How to Study West Virginia’s Water Quality With Tech #CitizenScience #Arduino #tech #DIY
West Virginia University is helping the state to explore water quality by teaching people how to construct environmental monitoring systems according to The State Journal. A recent workshop at Davis College of Agriculture, Natural Resources and Design focused on low-cost open source components for collecting data. The real reason this gets my attention is because I recognize the build—it’s a design from Shannon Hicks of Stroud Water Research Center in Pennsylvania! Shannon helped me to construct an earlier version of the monitor a few years ago, and I learned a lot about how sensors can be used for streams. It turns out Shannon led the workshop in West Virginia, getting everyone excited about citizen science.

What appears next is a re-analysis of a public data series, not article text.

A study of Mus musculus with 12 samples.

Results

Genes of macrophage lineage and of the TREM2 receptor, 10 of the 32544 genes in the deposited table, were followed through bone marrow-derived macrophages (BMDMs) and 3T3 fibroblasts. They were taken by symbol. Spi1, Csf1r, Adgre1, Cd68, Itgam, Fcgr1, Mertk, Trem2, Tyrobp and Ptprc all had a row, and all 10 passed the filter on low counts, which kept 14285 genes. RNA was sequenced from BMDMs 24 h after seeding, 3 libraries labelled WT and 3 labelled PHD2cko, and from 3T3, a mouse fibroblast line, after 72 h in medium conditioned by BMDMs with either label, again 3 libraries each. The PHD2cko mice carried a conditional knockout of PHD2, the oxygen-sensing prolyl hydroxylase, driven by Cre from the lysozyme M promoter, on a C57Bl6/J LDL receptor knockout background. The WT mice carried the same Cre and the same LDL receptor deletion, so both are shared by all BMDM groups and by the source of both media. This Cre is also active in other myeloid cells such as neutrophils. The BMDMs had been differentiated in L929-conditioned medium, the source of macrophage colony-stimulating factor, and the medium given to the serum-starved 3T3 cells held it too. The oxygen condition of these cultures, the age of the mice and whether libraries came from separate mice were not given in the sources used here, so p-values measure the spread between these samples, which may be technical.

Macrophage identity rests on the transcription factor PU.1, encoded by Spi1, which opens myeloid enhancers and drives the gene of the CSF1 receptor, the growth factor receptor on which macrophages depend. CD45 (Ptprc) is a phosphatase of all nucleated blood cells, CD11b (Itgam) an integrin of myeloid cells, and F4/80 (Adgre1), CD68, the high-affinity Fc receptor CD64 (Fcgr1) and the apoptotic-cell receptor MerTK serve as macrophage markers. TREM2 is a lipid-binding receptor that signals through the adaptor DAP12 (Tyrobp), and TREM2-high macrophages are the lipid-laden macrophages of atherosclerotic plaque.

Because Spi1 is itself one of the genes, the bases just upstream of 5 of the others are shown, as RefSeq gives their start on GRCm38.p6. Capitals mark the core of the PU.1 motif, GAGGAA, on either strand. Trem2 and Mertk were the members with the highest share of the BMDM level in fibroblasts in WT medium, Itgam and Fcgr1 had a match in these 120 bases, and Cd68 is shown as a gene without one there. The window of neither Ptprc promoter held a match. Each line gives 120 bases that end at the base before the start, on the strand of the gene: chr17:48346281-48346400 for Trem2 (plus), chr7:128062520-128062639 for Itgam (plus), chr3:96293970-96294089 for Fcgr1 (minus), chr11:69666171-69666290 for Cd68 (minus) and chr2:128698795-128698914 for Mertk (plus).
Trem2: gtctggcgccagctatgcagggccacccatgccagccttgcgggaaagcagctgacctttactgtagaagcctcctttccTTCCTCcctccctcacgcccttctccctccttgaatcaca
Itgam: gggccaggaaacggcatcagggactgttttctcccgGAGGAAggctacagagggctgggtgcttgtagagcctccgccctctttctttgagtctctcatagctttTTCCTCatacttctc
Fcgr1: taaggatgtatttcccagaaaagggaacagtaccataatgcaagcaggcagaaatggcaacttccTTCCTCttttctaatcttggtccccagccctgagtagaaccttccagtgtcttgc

The monitoring units use the EnviroDIY Mayfly Data Logger, which is an Arduino compatible board that Shannon developed after years of testing Arduinos and various sensors in field conditions. This data logger has a lot of benefits including Grove digital ports for sensors, a Real-Time Clock, Bee socket and a solar panel connector/circuitry. Of course the real question is what folks in West Virginia want to test.
Nicolas Zegre, associate professor of forest hydrology, said that with the right sensor, these modules can collect data on pH levels, depth, stream flow, carbon dioxide and dissolved oxygens levels. The modules can also be used to measure levels of moisture in the soil and can even detect Buprenorphine, an opioid commonly found in the state’s streams that affects brain development.
The grant award covers two other universities in the state and participants range from educators to state agency representatives. So, West Virginia will soon have a team of citizen scientists of all ages working on understanding the issues of water. I can’t wait to hear about the follow-up when monitors are constructed and data is used to improve water quality for this state. Education is most exciting when it becomes a tool for change.